Jack Tunney was the very first on - screen authority figure in WWE
Jack Tunney was the very first on-screen authority figure in WWE
Akhilesh Gannavarapu

One of the unwritten, time honoured traditions in wrestling companies has been the establishment of on-screen authority figures. From Jack Tunney to Eric Bischoff to Mr McMahon, having on-screen authority figures has become a norm and a method to add a complex layer to the otherwise mundane and often repetitive storylines.

The authority figures also bring a different dimension to the product. Whether they are carefully woven into the intricate storylines, bringing a modicum of sensibility, or are thrown in without much deliberation, the fact that they present the wrestlers with a conundrum to either tread the line carefully or become anarchists, makes for compelling television.

WWE went full-throttle with the idea when Vince McMahon inadvertently found himself in the eye of the storm. But the unprecedented success of this experimentation meant that wrestling companies often found using an authority figure not only as an attractive proposition but also as a necessity.

Today, we take a look at five former RAW General Managers, and why WWE had to relieve them of their on-screen duties.


#5 Vickie Guerrero


Vickie’s role as the pantomime villain on SmackDown earned her praise from the WWE management, and she was presented with the opportunity to become the General Manager of RAW in April 2009 — a position once held by Stephanie McMahon.

However, Vickie did not stick around too long and was relieved of her duties after she had a (kayfabe) nervous breakdown. In reality, Vickie requested some time off from the company to spend some quality time with her family.

The Cougar later returned to WWE during SmackDown's tenth-anniversary episode and went on to become Raw's managing supervisor in October of 2012.

She was finally written off television on the June 23, 2014, after she lost a pudding match to Stephanie McMahon with her job on the line. This time, Vickie left in order to pursue a career in medical administration.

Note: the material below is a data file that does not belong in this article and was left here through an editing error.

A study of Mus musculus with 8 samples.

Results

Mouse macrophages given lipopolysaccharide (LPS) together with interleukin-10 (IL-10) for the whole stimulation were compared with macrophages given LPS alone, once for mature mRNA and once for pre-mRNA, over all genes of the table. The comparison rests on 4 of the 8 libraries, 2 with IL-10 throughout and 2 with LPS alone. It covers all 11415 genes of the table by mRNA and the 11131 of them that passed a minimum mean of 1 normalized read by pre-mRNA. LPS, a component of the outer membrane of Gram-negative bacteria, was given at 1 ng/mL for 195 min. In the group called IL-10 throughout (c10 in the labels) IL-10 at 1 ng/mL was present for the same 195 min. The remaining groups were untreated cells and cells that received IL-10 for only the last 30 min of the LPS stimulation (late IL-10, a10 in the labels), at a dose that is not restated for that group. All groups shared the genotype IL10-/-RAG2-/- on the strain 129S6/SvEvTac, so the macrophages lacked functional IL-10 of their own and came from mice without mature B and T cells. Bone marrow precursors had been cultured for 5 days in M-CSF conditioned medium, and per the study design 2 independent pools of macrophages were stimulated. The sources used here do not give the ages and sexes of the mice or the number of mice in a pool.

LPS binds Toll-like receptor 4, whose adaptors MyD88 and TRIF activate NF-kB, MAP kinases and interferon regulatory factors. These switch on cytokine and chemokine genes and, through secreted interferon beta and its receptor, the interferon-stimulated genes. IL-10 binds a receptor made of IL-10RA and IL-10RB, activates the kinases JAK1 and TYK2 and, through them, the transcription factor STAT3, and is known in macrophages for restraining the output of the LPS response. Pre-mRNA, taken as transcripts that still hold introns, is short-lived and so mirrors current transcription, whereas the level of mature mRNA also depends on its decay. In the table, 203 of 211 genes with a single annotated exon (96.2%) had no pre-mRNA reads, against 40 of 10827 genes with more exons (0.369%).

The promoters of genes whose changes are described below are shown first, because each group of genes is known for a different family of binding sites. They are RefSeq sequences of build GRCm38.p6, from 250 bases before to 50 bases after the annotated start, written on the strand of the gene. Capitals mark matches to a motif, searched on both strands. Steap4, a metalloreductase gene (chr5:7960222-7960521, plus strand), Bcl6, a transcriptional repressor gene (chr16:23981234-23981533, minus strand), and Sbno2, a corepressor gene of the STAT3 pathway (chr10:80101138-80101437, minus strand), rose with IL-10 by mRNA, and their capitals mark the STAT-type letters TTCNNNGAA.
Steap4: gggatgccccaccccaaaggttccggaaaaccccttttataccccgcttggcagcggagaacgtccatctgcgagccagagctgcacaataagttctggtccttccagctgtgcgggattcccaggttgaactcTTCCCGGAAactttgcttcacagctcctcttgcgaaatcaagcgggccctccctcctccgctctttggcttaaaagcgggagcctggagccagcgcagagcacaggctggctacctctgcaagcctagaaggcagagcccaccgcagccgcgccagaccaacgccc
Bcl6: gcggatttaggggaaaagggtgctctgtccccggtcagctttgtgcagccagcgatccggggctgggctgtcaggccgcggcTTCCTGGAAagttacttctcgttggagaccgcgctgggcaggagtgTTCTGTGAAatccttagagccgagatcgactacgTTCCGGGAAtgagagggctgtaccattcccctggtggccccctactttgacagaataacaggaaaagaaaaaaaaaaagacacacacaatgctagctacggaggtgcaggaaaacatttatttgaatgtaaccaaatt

#4 Mick Foley


Sometimes he was the Commissioner while on other occasions he donned the role of a General Manager. Foley’s brevity and his impassioned delivery have made him a fan favourite and one of the most adored authority figures in the company’s history.

Foley served as the General Manager of RAW from July 2016 to March 2017 and had to take a hiatus to undergo hip surgery. To write his character off, Stephanie McMahon and Triple H attacked the Long Island native on RAW and ultimately fired him.

#3 John Laurinaitis


Laurinaitis' raspy voice was a far cry from the rich baritone voice his predecessors possessed, and the fact that his character was a mere extension of his personality made it easy for him to deliver the goods on a weekly basis.

During his 9 month stint as the RAW General Manager, Laurinaitis probed and prodded at the fans’ patience, often tooting his own horn. He coined the term “People Power” in the company, giving the fans the illusion of choice.

Laurinaitis was relieved of his on-screen duties in June 2012 after Vince McMahon gave him a job evaluation. Laurinaitis reportedly expressed his desire to work fewer dates and claimed that he was getting burnt out from all the travel and performing as an on-screen authority figure. Laurinaitis was then demoted from his corporate role as the EVP of Talent Relations and was given the role of a producer in the company.

#2 Eric Bischoff


So when Vince McMahon needed to shake things up in WWE, he turned to his former arch-nemesis, whom he once challenged to a brawl in a parking lot! Vince knew that in order to create competition, he had to bring in the master instigator.

Bischoff held his position as the General Manager of RAW from July ’02 to December ’05, and after a mock trial was fired by Vince McMahon. In reality, Bischoff decided to take time off from the business to work on his book “Controversy Creates Cash”, which debuted at #16 on the New York Times Best Seller list.

#1 Mike Adamle


Following his highly publicised gaffes on - screen, including such gems as calling Jeff Hardy “Jeff Harvey” and calling Umaga “The Samoan Bulldog”, instead of a bulldozer, Mike Adamle carved a special place for himself in the business, albeit for all the wrong reasons.

WWE made the head-scratching decision of making Adamle the General Manager of RAW from July ’08 to November ’08, before he was unceremoniously relieved of his duties.

According to reports, Adamle was told about the decision just hours before RAW — something that did not sit well with the former All-American fullback. Adamle and WWE parted ways soon after, and years later, Adamle revealed in an interview that their relationship had, by then, run its course.